Sunday, May 22, 2011

Sermon: Cantate – 2011

22 May 2011 at Salem Lutheran Church, Gretna, LA

Text: John 16:5-15 (Isa 12:1-6, Jas 1:16-21)

In the name of + Jesus. Amen.

Christ is risen! He is risen indeed! Alleluia!

Our Lord did not return yesterday. Some Christians are today confused. Some will lose their faith. The world mocks. The Church looks foolish. This happens every time one of these predictions fails to materialize, even though our Lord clearly said to us: “But concerning that day or that hour, no one knows, not even the angels in heaven, nor the Son, but only the Father.”

On this day, our Lord Jesus repeats to us: “But now, I am going to Him who sent me, and none of you asks Me, ‘Where are you going?’ But because I have said these things to you, sorrow has filled your heart. Nevertheless, I tell you the truth: it is to your advantage that I go away.”

Our Lord ascended to the Father, and the disciples were sorrowful. They loved their Master, their Savior, their Redeemer. Being separated from Him caused them grief. And yet Jesus tells them it is for their good.

How can the Lord use grief to bring us blessing? How can suffering be beneficial to us? How can a cross be used for good?

How can a cross be used for good? There, dear brothers and sisters is the beating heart of our faith. The Lord indeed uses the cross, the suffering, passion, and death of His innocent Son – He who knew no sin to become sin for us – to turn bad to good, to conquer evil with righteousness, to discipline His children and to make them strong.

The cross is where the Law and the Gospel intersect, where the vertical and the horizontal combine into one, where sin meets atonement, where suffering meets joy, and where death meets life. For the evils of our fallen world are pasted over even as the bloodied body of our Lord covered the cross and absorbed God’s wrath in our place.

And even as the Lord bore a cross for the sake of us poor miserable sinners, the Lord tells us that we too must take up our cross and follow Him who has atoned for us and made us saints by virtue of the cross.

The crosses we bear in this life – sadness, sorrow, disappointment; anger, frustration, physical sickness; temptations, trials, and death itself – only exist because of sin, and yet the Lord turns these crosses into crowns even as He draws life from death and pulls Easter out the stingy and seemingly impenetrable fingers of Good Friday.

“Do not be deceived, my beloved brothers,” says our brother St. James, “Every good gift and every perfect gift is from above, coming down from the Father of lights.” Even our crosses are a gift, an opportunity to overcome sin through Christ’s righteousness, a time to demonstrate mercy instead of vengeance, and even to show love where one is shown hatred.

“Let every person be quick to hear, slow to speak, slow to anger…. Put away all filthiness and rampant wickedness and receive with meekness the implanted word, which is able to save your souls.”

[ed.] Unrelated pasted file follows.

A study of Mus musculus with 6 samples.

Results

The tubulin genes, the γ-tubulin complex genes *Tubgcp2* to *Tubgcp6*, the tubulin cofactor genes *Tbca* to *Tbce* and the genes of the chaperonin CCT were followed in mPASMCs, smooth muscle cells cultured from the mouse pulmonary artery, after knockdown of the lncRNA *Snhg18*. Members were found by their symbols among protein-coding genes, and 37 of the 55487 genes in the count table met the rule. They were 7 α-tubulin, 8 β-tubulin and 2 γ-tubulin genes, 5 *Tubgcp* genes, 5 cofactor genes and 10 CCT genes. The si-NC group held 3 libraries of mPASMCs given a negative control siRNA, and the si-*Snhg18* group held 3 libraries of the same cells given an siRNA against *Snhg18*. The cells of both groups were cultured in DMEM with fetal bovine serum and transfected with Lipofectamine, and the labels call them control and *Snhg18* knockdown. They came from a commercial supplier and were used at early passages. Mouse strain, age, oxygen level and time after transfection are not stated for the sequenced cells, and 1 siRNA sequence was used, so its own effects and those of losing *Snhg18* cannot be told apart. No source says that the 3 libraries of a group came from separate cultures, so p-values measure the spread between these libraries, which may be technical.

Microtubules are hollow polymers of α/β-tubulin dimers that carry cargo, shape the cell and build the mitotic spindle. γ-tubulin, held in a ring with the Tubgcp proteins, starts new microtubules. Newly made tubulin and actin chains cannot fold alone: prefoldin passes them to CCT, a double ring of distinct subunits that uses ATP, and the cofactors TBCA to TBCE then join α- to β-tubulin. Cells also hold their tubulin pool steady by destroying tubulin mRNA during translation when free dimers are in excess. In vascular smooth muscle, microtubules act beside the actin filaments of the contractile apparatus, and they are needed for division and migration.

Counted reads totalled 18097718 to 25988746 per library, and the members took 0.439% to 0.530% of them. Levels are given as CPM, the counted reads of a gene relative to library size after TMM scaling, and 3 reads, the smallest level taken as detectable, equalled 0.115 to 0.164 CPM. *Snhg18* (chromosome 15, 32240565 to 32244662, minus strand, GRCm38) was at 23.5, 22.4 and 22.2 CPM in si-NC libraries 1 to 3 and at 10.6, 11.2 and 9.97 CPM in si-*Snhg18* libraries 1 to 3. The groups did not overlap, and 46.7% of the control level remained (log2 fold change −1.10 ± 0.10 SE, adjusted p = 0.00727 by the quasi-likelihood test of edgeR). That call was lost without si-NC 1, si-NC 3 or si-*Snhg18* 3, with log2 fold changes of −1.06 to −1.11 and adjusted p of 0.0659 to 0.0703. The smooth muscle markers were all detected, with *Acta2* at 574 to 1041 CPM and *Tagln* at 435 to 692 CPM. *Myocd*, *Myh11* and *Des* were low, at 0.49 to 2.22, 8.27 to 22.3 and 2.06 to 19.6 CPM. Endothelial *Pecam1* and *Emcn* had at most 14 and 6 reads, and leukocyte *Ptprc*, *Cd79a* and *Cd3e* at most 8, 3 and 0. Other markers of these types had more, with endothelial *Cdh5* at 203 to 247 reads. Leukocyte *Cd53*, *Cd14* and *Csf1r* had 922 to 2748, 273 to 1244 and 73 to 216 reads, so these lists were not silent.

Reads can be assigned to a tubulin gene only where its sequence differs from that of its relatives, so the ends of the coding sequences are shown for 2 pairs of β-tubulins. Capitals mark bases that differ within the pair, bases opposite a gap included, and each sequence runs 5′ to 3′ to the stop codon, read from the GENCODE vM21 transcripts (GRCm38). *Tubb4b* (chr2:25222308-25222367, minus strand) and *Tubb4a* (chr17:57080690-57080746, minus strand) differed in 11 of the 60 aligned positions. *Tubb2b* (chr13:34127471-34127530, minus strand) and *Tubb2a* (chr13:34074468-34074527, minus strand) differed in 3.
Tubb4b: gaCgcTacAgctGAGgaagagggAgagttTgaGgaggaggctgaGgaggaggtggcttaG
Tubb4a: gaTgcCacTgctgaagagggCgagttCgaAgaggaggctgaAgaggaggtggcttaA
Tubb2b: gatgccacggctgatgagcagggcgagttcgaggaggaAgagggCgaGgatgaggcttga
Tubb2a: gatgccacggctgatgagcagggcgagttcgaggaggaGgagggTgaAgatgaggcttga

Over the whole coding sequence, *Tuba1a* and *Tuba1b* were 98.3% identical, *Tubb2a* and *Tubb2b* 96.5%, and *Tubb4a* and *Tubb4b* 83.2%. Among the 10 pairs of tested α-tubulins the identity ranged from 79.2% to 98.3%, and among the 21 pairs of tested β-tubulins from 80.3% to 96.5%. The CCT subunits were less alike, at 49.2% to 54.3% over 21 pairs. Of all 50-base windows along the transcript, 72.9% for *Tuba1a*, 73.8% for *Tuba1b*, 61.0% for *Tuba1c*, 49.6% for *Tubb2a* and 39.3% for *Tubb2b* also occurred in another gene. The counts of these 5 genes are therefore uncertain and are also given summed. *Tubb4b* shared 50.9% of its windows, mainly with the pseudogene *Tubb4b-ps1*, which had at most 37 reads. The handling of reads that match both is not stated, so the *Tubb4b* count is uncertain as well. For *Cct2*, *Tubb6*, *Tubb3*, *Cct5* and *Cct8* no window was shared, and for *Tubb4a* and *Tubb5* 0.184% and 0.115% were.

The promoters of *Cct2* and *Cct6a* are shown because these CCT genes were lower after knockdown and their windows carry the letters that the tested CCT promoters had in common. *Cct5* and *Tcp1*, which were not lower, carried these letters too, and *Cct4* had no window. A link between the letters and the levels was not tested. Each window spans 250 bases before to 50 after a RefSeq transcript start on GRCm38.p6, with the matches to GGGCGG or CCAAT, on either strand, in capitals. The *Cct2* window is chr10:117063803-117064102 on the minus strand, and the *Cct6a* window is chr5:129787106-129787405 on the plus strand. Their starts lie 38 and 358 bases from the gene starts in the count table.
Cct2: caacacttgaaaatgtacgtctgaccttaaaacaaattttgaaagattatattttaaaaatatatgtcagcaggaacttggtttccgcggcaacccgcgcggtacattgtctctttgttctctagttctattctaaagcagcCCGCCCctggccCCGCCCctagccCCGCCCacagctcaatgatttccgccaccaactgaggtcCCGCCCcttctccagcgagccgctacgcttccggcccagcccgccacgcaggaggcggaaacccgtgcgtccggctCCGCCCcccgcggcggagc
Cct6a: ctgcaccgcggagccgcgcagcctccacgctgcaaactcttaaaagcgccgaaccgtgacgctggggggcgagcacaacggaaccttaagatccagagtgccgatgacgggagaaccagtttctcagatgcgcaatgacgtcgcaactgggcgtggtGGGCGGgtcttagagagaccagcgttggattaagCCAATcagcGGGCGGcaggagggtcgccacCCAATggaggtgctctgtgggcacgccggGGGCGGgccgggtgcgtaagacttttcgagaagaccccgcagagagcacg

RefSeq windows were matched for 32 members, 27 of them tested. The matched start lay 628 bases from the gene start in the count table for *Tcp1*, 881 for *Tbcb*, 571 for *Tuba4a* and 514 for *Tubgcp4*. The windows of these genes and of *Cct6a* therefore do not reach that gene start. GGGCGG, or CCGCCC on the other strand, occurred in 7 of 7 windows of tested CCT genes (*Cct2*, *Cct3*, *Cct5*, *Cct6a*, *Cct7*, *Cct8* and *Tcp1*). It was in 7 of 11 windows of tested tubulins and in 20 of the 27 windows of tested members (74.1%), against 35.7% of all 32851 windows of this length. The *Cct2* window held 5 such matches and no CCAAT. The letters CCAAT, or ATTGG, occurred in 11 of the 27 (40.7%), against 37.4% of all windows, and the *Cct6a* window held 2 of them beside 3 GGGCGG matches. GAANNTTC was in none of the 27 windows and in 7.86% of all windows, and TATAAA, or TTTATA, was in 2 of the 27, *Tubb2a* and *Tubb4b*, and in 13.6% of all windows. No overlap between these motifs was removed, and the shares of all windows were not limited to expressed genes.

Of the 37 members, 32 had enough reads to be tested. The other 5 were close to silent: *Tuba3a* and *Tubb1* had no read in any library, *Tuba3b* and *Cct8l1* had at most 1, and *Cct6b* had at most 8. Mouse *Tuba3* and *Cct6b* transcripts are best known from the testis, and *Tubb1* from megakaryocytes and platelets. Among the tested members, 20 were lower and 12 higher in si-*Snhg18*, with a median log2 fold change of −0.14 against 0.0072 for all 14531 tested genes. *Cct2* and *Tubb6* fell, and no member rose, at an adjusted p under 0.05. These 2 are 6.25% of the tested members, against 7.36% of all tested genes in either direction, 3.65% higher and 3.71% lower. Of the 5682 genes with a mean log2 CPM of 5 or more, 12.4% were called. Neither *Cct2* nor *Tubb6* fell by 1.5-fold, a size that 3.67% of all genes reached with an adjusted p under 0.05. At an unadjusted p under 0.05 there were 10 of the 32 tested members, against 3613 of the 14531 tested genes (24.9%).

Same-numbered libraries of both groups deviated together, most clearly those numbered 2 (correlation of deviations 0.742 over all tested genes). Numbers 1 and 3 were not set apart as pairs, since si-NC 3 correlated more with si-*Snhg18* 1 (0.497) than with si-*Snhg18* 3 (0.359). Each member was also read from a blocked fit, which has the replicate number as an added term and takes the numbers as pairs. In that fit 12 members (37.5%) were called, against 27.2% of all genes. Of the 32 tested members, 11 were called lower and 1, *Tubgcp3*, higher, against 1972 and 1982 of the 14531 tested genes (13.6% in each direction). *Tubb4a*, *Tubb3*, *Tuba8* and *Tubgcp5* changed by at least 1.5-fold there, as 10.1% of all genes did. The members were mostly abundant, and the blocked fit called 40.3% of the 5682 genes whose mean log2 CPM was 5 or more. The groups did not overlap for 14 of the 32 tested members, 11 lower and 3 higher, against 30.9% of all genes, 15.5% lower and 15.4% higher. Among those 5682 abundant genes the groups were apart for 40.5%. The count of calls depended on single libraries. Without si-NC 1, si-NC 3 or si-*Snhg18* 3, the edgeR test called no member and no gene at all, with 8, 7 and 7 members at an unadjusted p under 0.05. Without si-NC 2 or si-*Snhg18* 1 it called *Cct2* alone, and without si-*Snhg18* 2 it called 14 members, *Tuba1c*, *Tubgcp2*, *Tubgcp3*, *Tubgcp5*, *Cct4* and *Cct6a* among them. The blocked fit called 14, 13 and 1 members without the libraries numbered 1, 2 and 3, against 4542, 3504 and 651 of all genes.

Our crosses give us the opportunity to focus on the Word. Our struggles encourage us to depend on the Lord above. Our sorrows turn us to Him in ways that we don’t when all is well.

And when we are being chastened, we can pray with Isaiah: “I will give thanks to You, O Lord, for though You were angry with me, Your anger turned away, that You might comfort me.”

The Lord Jesus ascended to His Father, but did not leave us as orphans. He sent us “the Helper,” literally, a “comforter” or an “advocate” – one who is fighting for us when we are too weak or overwhelmed to defend ourselves. He is the “Spirit of Truth” who guides us into all truth.

And what’s more, the Lord has promised to remain with us to the end of the age – be it the year 2011 or 20,011. He is with us in His Word, in His Sacraments, in His forgiveness, in those who bring comfort and service to us, in those who speak the Word of God to us, in those who show mercy, in those who teach the Word, in those who support us in good times and bad, and yes, the Lord is even hidden in those crosses sent to us that we cannot figure out.

For just as we are not given to know the day or the hour of the Lord’s return – even as the Word of God tells us not to bother trying to figure it out – so too are our crosses a mystery. We do not know why we must endure them, why they have been sent to us, nor what is the ultimate purpose. In many cases, our crosses seem almost arbitrary and of no purpose at all. But one thing is for sure: crosses and sorrows will come in this fallen world – and we do well to ask the Lord to strengthen our faith for when they do.

In the words of the ancient prayer, may we “bear all crosses, sickness, and trials with patience and trust until You grant us deliverance, peace, and health.” And, dear friends, an even older prayer of the Church comes from one of the last words of the Holy Scriptures: “Come, Lord Jesus.” This is not just a children’s table prayer, it is also the eternal prayer of the Church Militant who bears her cross, who suffers in this world, who struggles against sin, death, and the devil, and indeed who has conquered in Christ, but yet awaits the final coming of the Lord.

Let those who see the Bible as a book of secret clues continue to chase around the trees and miss the forest. Let the world laugh and mock. Let Satan continue to accuse us and abuse us. But come what may, let us remain faithful to the end, with the prayer ever on our lips as we wait expectantly the for Lord’s return: “Come, Lord Jesus.” For “He who testifies to these things says, ‘Surely I am coming soon.” Amen.

Christ is risen! He is risen indeed! Alleluia!

In the name of the Father and of the + Son and of the Holy Spirit. Amen.